Important || Introduction ||
Week 4 Test ||
Lecture Notes and Problems ||
Solutions to problems ||
Starter Problems ||
Past Examination Papers ||
This Year's Examination Paper || Corrections ||
Please read this introduction to the lecture notes before the course begins. The recommended course text is Wilson Sutherland's book 'Introduction to Metric and Topological Spaces', OUP 2009.
Feel free to email me for assistance throughout the semester; but my preferred mode of communication is face-to-face, after lectures or during tutorials. This ensures better feedback in both directions. I shall try to use the new video technology to make proper podcasts of each lecture, so please shout out if I forget to wear the microphone!
Here is the course timetable.
The aim of the test is to encourage you to revise the foundations of the course as soon as possible, and to give you the chance to gain credit for learning the basics; it is not designed to ask awkward questions that will catch you out.
The subject matter of the test will be the first six lectures only. All definitions and examples of metrics should be learned, together with proofs that the various metrics satisfy the required axioms. If you have completed the Problems for weeks 1, 2, and 3 you will be very well prepared; their solutions will be online at least five days before the test.
Here are the solutions to the 2018 test, plus my feedback (coming soon).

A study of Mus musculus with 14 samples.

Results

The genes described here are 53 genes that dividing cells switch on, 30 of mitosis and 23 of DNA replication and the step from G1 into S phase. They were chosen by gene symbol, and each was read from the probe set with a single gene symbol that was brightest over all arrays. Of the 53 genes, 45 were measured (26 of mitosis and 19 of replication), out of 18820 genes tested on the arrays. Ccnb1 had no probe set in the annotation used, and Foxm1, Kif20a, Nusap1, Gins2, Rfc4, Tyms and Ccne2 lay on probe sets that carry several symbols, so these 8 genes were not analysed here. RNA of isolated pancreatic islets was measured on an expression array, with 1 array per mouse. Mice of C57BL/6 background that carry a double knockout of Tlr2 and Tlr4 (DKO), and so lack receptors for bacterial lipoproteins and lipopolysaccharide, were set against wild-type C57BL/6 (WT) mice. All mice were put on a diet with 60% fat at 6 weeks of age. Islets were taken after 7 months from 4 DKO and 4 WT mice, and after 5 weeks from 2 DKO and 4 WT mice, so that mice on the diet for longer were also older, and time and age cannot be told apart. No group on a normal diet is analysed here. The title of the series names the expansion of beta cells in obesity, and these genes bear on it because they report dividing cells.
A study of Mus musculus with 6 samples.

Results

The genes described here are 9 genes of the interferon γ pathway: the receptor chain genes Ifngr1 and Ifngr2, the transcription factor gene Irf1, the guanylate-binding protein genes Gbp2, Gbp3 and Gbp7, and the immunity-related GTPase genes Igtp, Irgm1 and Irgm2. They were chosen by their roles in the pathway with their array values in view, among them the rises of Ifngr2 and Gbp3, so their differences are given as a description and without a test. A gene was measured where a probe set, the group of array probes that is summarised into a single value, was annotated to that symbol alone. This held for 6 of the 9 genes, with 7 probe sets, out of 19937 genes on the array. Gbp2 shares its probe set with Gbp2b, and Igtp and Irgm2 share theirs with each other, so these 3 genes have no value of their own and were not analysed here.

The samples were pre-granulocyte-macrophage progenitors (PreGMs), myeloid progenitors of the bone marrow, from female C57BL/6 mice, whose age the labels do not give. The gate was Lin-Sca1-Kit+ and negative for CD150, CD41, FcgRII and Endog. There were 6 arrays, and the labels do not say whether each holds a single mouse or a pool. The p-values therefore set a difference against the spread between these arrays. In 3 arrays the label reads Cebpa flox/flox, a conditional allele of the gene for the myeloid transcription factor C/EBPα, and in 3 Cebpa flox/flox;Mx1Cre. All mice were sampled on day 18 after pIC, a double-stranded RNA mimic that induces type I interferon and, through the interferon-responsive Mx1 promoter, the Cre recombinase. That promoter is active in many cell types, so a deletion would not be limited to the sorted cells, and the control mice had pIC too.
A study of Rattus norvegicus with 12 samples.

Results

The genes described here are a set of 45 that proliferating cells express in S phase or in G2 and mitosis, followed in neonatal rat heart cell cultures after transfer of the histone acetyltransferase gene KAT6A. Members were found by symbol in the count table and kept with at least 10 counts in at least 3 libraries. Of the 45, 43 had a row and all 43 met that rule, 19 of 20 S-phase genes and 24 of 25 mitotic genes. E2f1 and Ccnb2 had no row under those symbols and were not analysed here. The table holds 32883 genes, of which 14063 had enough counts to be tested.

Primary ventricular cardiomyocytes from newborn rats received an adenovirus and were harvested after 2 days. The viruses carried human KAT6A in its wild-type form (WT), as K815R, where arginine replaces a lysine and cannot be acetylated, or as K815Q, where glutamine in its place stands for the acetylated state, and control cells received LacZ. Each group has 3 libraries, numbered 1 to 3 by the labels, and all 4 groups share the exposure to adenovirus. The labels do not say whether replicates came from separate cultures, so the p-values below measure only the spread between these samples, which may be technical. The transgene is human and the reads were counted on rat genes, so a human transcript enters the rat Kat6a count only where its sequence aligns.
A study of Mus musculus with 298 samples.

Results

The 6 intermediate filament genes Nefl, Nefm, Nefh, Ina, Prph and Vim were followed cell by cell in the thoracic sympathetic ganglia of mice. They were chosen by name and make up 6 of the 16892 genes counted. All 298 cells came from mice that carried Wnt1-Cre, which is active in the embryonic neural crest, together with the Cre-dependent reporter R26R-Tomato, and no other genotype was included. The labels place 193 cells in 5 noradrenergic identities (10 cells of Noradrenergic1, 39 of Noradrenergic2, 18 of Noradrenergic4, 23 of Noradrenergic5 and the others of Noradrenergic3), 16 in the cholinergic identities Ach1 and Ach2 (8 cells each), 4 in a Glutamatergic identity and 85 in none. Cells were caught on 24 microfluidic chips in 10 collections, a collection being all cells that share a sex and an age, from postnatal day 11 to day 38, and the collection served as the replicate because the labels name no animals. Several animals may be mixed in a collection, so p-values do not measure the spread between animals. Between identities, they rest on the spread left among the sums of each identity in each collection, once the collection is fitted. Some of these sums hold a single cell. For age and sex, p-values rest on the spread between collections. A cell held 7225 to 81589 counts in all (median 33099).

Scripts will be returned in your Feedback Tutorial classes, where one-to-one feedback will be available.
The lecture notes for each of the 6 chapters will be posted here before they are begun in class; there will be one or two associated problem sheets, for discussion in the weekly feedback classes.
There are no Problems for week 4, so that everyone can focus on revision for the test.
The solutions will be posted here during the week
Just to help you to get started - by popular demand!!
I hope the following feedback will help you to avoid some common ways of losing marks!
Here are solutions to the 2014 and 2015 examinations as well.
The 2018 examination paper will have the same structure as that of 2017 (which was in a new format). It will consist of four compulsory questions. Every question will contain four parts, worth 5 marks each; this gives 20 marks per question,and 80 marks in total. The August resit will adopt the same format. The overall style and content of the questions will be unchanged from previous years.
To help with revision, here is a version of the 2011 examination paper in the new format, together with solutions and a marking scheme.
The subject matter of this course is main-stream pure mathematics, and cannot exist (nor be applied) without rigorous proofs. The examination paper will therefore ask for certain proofs from the lecture notes, although they will mainly be the type which input definitions and data, and rearrange them to produce the required output. Eventually, a list of proofs that are required for the May and August examinations will appear below; it will be built up as the course progresses, and completed by the Spring break.
Proofs that will not be required are:
Minor corrections and clarifications may be made to the notes whenever the need is brought to my attention. If major changes are required, they will be announced in lectures and posted here.